Philip Morris may have to fund tests for smokers
The state’s high court said yesterday that cigarette maker
In a unanimous ruling, the Supreme Judicial Court said Massachusetts law has an antiquated definition of negligence. Historically, plaintiffs had to show explicit injury, such as a broken leg, before the other party can be ordered to pay for diagnostic tests.
Writing for the court, Justice Francis X. Spina said that such legal thinking must change. “We must adapt to the growing recognition that exposure to toxic substances and radiation may cause substantial injury, which should be compensable, even if the full effects are not immediately apparent,’’ he wrote.
The court’s decision means that a lawsuit filed by two Massachusetts smokers can move forward in US District Court. The federal judge presiding in that case had asked the Massachusetts high court to rule on a question of state law before the lawsuit could proceed.
The federal suit is seeking class certification, which would allow thousands of other Massachusetts smokers to join the lawsuit, which covers people 50 or older who have smoked at least one pack a day of Marlboro cigarettes for at least 20 years. If a jury sides with the smokers, Philip Morris could be required to pay for each patient’s low-dose computed tomography scan, which can detect early-stage lung cancer. The court’s decision was legally significant, but narrowly drawn and currently only directly affects the pending class action lawsuit, lawyer and the court said.
But Edward L. Sweda Jr., a lawyer with the Tobacco Products Liability Project at Northeastern University, said the ruling could open a new avenue of legal action against Big Tobacco.
Tobacco companies could now be facing a “new category, a new track of litigation that they haven’t had to deal with,’’ he said. “We’ll see over the next few years. . . . It would be a major blow to them financially.’’
In a statement, Philip Morris said the company wants the case tossed out of federal court in Boston. The company also said other state and federal courts have rejected the legal reasoning embraced by the high court yesterday. The cigarette maker is part of the Altria Group.
“The overwhelming majority of federal and state courts have rejected class certification of smokers’ claims, including those seeking medical monitoring,’’ Murray Garnick, Altria senior vice president and associate general counsel, said in a statement. “Six of the last seven state supreme courts to consider the issue have refused to recognize claims for medical monitoring based on the risk of future injury.’’
In a telephone interview yesterday, one of the plaintiffs, Patricia Cawley of Rockland, said she has smoked since she was 9 or 11 years old and continues to try to quit smoking, but has only sporadic success. She is 70 years old.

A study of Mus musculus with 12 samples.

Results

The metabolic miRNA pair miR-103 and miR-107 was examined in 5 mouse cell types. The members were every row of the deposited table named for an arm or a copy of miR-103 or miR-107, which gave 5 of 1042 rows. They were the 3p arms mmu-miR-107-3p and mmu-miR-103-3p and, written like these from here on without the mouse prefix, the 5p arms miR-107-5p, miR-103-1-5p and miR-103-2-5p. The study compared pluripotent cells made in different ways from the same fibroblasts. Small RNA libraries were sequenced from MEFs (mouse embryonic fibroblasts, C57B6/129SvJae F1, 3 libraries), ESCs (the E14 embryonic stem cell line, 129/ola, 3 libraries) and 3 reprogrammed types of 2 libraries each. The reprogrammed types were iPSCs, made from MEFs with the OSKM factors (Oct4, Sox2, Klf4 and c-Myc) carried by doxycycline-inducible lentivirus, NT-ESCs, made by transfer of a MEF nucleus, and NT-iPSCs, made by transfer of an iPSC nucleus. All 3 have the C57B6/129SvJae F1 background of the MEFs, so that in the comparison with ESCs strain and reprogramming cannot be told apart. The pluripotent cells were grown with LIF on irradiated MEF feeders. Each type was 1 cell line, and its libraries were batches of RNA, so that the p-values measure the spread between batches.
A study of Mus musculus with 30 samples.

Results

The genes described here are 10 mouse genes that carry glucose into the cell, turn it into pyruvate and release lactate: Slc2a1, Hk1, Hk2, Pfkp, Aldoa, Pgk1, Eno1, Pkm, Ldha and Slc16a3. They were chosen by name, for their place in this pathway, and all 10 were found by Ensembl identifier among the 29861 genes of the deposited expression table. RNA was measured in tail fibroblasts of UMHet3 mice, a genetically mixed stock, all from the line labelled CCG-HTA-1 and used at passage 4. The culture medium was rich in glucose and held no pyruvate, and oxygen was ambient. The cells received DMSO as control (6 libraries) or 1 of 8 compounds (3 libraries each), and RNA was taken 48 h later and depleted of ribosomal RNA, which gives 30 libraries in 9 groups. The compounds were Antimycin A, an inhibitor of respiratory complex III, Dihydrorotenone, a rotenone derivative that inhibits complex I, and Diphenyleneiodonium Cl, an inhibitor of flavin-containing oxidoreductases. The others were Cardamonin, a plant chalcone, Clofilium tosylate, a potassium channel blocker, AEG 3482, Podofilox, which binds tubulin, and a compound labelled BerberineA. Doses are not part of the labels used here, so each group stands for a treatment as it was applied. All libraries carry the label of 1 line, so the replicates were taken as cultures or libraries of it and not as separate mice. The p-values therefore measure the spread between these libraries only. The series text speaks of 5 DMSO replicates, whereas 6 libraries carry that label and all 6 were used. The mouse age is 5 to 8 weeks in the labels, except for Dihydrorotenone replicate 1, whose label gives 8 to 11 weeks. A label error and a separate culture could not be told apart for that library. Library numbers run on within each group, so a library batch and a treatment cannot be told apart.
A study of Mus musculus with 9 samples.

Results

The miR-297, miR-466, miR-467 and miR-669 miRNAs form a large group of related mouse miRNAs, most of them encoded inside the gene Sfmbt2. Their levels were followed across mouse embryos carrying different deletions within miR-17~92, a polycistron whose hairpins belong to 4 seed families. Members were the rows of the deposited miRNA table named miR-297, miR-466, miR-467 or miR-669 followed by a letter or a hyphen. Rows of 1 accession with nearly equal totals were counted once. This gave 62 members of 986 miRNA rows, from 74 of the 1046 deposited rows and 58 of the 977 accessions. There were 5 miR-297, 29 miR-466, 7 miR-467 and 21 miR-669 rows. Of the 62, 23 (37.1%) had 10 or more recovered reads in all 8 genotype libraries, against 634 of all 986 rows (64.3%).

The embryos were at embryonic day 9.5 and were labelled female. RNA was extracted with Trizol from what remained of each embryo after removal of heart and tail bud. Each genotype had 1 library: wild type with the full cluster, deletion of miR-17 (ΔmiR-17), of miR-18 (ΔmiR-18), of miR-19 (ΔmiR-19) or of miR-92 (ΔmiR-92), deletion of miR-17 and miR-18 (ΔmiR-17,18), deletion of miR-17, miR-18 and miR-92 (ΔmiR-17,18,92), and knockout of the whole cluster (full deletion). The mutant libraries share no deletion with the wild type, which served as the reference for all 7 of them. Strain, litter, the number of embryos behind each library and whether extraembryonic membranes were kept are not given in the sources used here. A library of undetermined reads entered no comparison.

“There was never any money involved in this case as far as I was concerned,’’ the retired school bus driver said. “I’m worried that there might be a chance that I could have lung cancer. I don’t know how I would handle that. But I am not worried enough that I could make myself quit indefinitely. I am addicted. . . . I can’t stop.’’
Neil Leifer, one of the plaintiffs’ lawyers, said in a telephone interview yesterday that the goal of the lawsuit is to make Massachusetts a healthier place. “Our goal all along has been to try and use this [litigation] for early detection, which can save lives,’’ the Boston lawyer said. “If we can do that, then we will have done a good thing.’’
Boston lawyer Christopher Weld Jr. said tens of thousands of people could qualify as class members and that the tests cost $400 to $500 annually. He said many health plans pay for the diagnostic test.
While directly addressing lawsuits involving smoking, the Supreme Judicial Court explicitly said its thinking in the ruling does not automatically apply to other “toxic torts’’ lawsuits.
“We leave for another day consideration of cases that involve exposure to levels of chemicals or radiation known to cause cancer, for which immediate medical monitoring may be medically necessary, although no symptoms or subclinical changes have occurred,’’ Spina wrote.
Lawrence Cetrulo, a Boston lawyer not involved in the case but who has spent 30 years representing companies being sued in “toxic tort’’ cases, said the SJC’s ruling is also remarkable for what it did not do.
Cetrulo said the ruling did not create a right to sue for someone who says he faces an increased risk of cancer from a product or the environment. The ruling still requires someone asserting emotional damages to present objective evidence of the injury and does not create medical monitoring programs run by the courts, Cetrulo said.
Further, it does not extend what lawyers call the “loss of chance’’ legal theory to toxic torts. “There is going to be a lot of drum beating by people who represent plaintiffs, claiming that this moves the needle in Massachusetts dramatically in favor of consumers,’’ Cetrulo said. “. . . I don’t think it moves the needle very much.’’
Material from the Associated Press was used in this report.